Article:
The Political Ethnographer’s Compagnon
by Javier Auyero
“Right now I want to be the mournful friend, compañero del alma, who tends the ground you fertilize and lie in, gave too soon,” writes Spanish poet Miguel Hernandez about the death of his close friend Ramón Sijé. Those words came to my mind, like lightning, when I learned about the passing of our Chuck Tilly on Tuesday last week. Ever since, I have been grieving the loss of my mentor, colleague, and compagnon de route. But I am not alone. Dozens of us who belong to Chuck’s vast “contentious politics” virtual network, which he created and nurtured over the years, have been filling each other’s inboxes with expressions of mourning. We have been sharing stories about the person, the teacher, the friend, the advisor, the jazz lover, the volleyball player, the wizard who has just left us.
I won’t attempt in this brief tribute to summarize all the wonderful memories and anecdotes that have been circulating in that forum about his days at the University of Michigan, the New School, and Columbia. They all speak of his immense generosity, curiosity, humility, and openness. He is invariably described as a brilliant intellectual and scholar, as a unique advisor with an unparalleled kindness and egalitarianism, and as a noble man who was always there for us in the form of long and always insightful conversations, penetrating remarks in our workshops, encouraging e-mails in response to our queries, and reactions to our papers, which always came sooner than expected. There has been a phenomenal outpouring of recollections of our shared times with Chuck—in seminar rooms, in his office, strolling down the streets of Ann Arbor or New York—to which no words can do justice.
Like many others, some of my most precious “Chuck moments” are related to the times when I left his office feeling smarter than I really was, knowing where to go with my research (or, at least, the three potential routes to take—his legendary advice almost always came in a set of three options), and with a fresh sense of possibility. (“With this project, you can take over where Wright Mills left off,” he once told me. “Really, Chuck?” I remember thinking, “You have more confidence in me than I have in myself.”) But it was his gentleness, his smile—and the way in which his sparkling eyes were half-closed when he was thinking—that I will never ever forget.
In this tribute I would like to speak of a Tilly that quite likely scholars in the future will not remember: the political ethnographer’s compagnon. Call him my own private Chuck if you will. He is the Tilly of big and small structures, large and micro processes, huge comparisons and tiny variations within a case. True, Chuck was not an ethnographer. But he was always there—for me and for others—when he was needed. Those of us who chose ethnography as our way of understanding (and, yes, explaining) the manifold and complex ways political actors act, think and feel the way they do, could count on him not to tell us what to think (never!) but how to go about collecting evidence and making our arguments. We could lean on him to sharpen our analytical perspectives. The principle he inevitably invoked—which I heard so many times in various incarnations because (silly me!) I kept forgetting—was quite simple: “Besides the case, what is your study about?” In his straightforward way, Chuck kept reminding us to locate our theoretical concerns at the beginning and at the end of the ethnographic enterprise: “What can those who are not interested in (say) Argentine poor people’s politics learn from your study?”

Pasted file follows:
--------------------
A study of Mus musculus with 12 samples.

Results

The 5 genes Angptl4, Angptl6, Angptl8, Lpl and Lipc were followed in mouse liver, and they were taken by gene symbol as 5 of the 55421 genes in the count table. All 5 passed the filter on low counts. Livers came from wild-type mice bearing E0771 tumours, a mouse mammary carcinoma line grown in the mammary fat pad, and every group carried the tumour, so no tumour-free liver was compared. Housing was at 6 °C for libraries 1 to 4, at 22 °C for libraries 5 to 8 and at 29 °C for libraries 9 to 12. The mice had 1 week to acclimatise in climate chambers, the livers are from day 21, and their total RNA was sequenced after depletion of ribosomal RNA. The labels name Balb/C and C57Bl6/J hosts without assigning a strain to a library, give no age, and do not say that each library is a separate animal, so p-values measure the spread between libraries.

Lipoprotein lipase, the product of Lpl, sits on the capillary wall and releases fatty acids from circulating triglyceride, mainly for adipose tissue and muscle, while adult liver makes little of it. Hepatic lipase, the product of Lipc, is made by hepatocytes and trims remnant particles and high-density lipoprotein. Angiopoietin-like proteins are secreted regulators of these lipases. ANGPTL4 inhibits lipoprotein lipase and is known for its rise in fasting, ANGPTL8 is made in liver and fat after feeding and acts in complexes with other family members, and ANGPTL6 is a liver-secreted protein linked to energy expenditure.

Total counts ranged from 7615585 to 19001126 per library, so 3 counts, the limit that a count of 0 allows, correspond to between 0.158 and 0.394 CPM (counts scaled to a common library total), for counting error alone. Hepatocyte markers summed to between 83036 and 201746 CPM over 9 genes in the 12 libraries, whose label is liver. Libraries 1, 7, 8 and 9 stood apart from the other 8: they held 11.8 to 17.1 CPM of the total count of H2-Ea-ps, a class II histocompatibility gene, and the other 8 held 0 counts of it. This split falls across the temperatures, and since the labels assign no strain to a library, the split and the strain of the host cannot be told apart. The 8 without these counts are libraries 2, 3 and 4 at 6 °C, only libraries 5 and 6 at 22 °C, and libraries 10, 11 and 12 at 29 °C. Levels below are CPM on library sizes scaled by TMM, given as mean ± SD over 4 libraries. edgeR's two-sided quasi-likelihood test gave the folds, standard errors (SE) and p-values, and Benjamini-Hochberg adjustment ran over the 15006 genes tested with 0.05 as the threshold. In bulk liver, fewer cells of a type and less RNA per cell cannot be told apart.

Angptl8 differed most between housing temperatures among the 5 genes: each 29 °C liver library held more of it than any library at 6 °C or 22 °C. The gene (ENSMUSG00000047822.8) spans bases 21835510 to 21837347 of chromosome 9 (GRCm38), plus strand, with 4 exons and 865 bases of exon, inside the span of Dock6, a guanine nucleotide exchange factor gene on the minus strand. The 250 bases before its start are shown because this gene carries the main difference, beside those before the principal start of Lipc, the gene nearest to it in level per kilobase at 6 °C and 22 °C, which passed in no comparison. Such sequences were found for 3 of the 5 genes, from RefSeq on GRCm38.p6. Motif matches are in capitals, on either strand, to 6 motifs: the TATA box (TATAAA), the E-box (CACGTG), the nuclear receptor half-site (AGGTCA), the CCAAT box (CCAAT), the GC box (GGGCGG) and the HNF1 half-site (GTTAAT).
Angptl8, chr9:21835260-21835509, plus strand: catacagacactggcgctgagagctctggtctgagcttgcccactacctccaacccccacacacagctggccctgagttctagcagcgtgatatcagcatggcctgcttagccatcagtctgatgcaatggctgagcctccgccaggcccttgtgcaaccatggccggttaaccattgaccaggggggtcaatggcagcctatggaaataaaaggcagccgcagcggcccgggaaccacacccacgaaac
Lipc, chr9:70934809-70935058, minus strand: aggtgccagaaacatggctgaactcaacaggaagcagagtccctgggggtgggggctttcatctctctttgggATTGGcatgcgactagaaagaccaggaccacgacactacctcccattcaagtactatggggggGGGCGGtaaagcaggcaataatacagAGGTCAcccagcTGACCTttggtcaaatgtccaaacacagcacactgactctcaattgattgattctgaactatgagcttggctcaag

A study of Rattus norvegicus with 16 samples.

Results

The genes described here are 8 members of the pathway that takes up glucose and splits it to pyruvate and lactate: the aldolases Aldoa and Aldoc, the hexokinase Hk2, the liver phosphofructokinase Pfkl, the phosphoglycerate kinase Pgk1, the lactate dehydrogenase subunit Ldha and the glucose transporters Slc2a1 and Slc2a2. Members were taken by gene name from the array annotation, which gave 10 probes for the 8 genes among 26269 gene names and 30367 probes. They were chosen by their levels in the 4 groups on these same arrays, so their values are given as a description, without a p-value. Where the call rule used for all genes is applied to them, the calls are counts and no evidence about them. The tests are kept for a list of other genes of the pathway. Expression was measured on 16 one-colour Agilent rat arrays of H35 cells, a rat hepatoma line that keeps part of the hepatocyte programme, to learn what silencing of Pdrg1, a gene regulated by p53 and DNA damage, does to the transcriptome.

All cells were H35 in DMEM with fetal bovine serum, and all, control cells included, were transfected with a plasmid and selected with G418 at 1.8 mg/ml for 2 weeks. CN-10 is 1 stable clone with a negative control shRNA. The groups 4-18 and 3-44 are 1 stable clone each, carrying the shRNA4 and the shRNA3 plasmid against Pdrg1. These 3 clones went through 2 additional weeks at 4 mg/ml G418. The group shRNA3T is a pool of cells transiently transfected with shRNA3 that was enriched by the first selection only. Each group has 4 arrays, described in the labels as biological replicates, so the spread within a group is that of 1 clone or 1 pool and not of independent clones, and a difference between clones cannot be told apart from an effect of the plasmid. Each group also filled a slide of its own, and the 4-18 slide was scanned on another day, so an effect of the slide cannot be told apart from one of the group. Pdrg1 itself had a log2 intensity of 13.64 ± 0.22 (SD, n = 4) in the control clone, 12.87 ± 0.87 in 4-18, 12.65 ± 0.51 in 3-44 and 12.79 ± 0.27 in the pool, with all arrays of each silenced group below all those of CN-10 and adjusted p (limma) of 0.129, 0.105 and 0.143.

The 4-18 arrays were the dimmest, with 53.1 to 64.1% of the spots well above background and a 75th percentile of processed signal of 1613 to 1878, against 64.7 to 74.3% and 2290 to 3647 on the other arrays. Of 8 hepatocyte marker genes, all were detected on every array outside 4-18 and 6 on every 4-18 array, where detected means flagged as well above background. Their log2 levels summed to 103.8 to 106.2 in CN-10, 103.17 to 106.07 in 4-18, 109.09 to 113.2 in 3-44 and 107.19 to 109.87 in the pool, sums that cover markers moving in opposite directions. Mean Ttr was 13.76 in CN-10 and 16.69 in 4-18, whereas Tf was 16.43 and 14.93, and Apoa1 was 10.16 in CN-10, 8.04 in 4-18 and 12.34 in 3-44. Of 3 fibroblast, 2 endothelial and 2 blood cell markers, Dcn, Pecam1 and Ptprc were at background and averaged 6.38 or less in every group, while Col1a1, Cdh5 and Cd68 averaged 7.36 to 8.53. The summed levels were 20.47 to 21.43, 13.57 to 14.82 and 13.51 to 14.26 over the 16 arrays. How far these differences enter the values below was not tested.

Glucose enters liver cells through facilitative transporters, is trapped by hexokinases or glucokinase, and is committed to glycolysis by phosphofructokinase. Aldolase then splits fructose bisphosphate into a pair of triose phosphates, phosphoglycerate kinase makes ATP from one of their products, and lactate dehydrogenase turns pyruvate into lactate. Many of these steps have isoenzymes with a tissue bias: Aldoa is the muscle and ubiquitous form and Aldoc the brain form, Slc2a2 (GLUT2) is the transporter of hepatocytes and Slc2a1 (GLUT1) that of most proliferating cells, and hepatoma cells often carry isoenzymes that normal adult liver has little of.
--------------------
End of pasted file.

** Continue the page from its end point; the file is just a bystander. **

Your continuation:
But that was hardly all. I cherish this paragraph he wrote to me after reading one of my drafts, which sums up his (as far as I know unpublished) view of the craft of political ethnography:
Political ethnography is a risky business, at once intensely sociable and deeply isolating. On one side, its effective pursuit requires close involvement with political actors and therefore [implies] the danger of becoming their dupes, their representatives, their brokers, or their accomplices. On the other, bringing out the news so others can understand depends on multiple translations: from the stories that political participants tell to stories that audiences will understand, from local circumstances to issues that will be recognizable outside the locality, from concrete explanations for particular actions to accounts in which outsiders will at least recognize analogies to classes of actions with which they are familiar. The most widely read reporters on political conflict personalize their accounts brilliantly—but thereby neglect the social processes they are observing. Very few achieve balance between the personal and the systematic. Those few include James Scott, Adam Ashforth, Elisabeth Wood, and Pierre Bourdieu.
That assertion, which for me became a stimulating invitation, summarizes the challenges that lie ahead: a chase to find the right equilibrium between involvement and detachment, the personal and the systematic, being there and being here, stories told in the field and stories told to the public. And we know, because Chuck never let us forget, that we might fail in the attempt, but we should never cease to enjoy the search. Ultimately, then, I think the best tribute we can pay him as a scholar and as a mentor is to have fun in our intellectual pursuits and, as he repeatedly said to many of us, to do for our students and colleagues all the things he did for us.
The last stanza of Miguel Hernandez’s “Elegy” reads like this: “And I call you to come to the milky almond blossoms who are souls flying./That we still have so many things to talk about, compañero del alma, compañero.” With those words, I’d like to end my short tribute: thanking Chuck for all the things we learned both with and from him. Gracias, Chuck; eternal thanks for making us all not just better scholars but what is more important, better persons.